KAMLOOPS — A small flock of urban hen supporters had reason to crow aloud outside City Hall on Tuesday night, knowing they've won a nearly 10-year battle to bring chickens to city backyards.
WATCH: Full report by Chad Klassen
"The biggest benefit of having urban hens will be food security, providing food on your plate that you grew in your backyard," says Bonnie Klohn from Kamloops Food Policy Council. "But it also means the community coming together around food security."
With a 6-3 vote in Council Chambers on Tuesday night, residents on a 4,000 square foot property, the size of a typical single-family home, are now permitted to house between two and five hens, but no roosters.
Voting for the new by-law were Councillors Marg Spina, Tina Lange, Donovan Cavers, Arjun Singh, Dieter Dudy and Denis Walsh.
"We heard from the community loud and clear that this is something they really wanted," says Lange. "It was No. 1 that came out of all the public consultations the staff did. People not necessarily wanting to have hens, as Marg Spina said. Quite frankly, I don't think I'm ever going to have chickens either, but I respect that my neighbours make that choice to have animals on their property."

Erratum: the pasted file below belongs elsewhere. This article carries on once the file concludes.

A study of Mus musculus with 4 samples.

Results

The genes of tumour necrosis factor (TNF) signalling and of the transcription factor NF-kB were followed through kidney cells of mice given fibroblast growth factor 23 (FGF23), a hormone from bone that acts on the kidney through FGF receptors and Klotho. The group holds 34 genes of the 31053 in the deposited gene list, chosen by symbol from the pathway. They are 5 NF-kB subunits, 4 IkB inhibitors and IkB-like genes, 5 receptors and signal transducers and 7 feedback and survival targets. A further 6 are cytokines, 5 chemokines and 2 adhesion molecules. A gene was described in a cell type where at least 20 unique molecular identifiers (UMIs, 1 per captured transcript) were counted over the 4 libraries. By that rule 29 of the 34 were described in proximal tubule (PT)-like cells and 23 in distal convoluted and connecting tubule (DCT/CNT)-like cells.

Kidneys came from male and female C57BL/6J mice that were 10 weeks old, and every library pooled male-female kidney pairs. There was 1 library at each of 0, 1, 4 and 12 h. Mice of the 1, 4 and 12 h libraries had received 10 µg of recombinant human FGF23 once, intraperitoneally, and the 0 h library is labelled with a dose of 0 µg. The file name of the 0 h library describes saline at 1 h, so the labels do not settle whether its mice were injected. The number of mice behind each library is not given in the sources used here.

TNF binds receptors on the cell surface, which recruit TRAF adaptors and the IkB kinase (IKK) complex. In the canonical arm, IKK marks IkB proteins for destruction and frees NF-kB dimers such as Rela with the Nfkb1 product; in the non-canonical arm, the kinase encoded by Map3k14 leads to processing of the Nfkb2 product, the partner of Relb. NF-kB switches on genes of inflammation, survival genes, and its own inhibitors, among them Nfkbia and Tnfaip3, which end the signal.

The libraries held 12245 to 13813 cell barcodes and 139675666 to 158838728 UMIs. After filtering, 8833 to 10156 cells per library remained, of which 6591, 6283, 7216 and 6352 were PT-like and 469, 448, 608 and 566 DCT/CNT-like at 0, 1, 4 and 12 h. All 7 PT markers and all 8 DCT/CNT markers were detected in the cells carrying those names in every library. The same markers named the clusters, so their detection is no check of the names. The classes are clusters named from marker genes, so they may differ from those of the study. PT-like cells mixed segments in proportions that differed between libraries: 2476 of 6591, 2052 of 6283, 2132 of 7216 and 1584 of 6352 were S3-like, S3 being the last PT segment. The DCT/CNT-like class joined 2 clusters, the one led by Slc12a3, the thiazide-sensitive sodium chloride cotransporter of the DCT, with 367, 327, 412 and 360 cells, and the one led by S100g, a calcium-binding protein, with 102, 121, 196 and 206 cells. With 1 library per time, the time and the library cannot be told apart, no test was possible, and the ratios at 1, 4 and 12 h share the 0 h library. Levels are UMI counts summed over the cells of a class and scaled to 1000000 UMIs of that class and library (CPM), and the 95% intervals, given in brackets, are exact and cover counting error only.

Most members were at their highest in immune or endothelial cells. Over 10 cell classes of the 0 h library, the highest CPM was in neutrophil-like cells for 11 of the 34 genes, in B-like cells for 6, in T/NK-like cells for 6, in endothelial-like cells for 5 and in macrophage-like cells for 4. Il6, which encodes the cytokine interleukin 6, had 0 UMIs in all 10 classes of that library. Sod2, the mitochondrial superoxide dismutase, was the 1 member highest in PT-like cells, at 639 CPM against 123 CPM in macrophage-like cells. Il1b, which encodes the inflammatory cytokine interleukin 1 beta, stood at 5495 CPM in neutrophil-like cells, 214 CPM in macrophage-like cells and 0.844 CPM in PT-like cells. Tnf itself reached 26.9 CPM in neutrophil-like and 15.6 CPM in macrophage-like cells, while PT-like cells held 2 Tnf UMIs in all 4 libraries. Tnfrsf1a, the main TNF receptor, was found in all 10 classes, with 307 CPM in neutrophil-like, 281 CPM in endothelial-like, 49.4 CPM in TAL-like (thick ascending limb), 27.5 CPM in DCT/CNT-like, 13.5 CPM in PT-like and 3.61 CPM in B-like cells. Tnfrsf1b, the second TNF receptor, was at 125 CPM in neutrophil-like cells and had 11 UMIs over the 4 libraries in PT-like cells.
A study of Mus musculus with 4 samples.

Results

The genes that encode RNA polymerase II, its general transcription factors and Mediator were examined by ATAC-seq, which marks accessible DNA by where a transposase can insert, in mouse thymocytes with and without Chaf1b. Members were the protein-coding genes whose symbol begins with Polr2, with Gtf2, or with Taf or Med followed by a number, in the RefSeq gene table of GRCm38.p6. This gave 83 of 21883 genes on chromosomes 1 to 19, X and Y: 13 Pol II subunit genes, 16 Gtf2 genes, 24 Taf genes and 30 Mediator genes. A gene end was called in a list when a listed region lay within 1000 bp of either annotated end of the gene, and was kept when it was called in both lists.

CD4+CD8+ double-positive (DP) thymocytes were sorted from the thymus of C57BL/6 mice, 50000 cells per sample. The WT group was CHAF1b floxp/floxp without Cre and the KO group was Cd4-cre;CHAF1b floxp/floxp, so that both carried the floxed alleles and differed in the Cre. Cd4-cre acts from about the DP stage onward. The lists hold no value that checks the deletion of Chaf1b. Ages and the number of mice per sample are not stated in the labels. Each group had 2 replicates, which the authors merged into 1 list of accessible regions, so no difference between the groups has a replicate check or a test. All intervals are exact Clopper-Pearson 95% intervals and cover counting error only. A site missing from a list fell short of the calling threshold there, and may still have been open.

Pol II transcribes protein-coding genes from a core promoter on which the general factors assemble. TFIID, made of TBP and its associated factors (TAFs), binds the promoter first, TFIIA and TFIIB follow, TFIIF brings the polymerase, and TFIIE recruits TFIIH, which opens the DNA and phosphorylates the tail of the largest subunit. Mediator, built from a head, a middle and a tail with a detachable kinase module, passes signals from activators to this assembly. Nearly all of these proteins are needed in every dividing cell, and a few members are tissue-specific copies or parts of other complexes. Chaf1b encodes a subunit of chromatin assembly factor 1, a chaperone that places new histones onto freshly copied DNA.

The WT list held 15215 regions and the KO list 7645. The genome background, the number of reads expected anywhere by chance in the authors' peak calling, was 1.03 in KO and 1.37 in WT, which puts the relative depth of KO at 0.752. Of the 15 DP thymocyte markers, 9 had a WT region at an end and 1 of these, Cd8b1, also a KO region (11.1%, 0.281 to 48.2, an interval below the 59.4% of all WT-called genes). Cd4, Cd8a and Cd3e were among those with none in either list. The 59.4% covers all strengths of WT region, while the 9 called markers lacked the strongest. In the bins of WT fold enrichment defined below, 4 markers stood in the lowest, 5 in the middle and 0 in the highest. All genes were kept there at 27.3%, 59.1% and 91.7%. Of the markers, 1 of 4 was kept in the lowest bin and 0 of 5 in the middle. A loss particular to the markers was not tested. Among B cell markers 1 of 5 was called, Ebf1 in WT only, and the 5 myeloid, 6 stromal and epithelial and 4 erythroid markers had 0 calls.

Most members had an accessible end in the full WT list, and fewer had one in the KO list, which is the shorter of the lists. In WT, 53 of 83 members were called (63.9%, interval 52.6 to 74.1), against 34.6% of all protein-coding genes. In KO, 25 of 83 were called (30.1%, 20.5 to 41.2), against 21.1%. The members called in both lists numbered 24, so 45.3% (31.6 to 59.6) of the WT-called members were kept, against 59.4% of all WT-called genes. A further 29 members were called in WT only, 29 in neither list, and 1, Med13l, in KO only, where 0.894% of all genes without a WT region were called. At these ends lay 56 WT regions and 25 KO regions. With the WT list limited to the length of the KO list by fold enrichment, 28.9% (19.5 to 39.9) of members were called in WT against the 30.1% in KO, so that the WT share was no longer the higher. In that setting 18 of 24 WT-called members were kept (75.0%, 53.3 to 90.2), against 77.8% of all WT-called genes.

On the other side, Mayor Peter Milobar, and Councillors Ken Christian and Pat Wallace, voted against the by-law.
A few in the crowd spoke out against it as well, citing noise and smell as deterants in any neighbourhood. Jacki Andersen is already living beside a property with chickens in Westsyde. She's disappointed in the decision.
"I was hoping this wasn't going to be for everyone else," says Andersen. "I was hoping that when we moved into Kamloops that we could have the freedom of not having to live in a barnyard. People say they're going to look after their animals. People say they're going to look after their cats and dogs, and they don't. It's a far cry when we start having chickens."
But Spina doesn't believe everyone is going to rush out to get chickens, given the by-law is in place.
"I'm not expecting to see a huge upload of people that are going to suddenly want to raise a chicken," says Spina. "There may be 100 or 200 people in this city of 90,000."
Frank Ritcey from WildSafe BC addressed the issue of electric fencing, which city staff had initially recommended. Ritcey, who did not take sides, cited problems in municipalities like Clearwater that have urban hens but no electric fencing, arguing that when a bear breaks down a chicken coop once it will happen repeatedly.
Ritcey's concerns were not addressed in the final vote.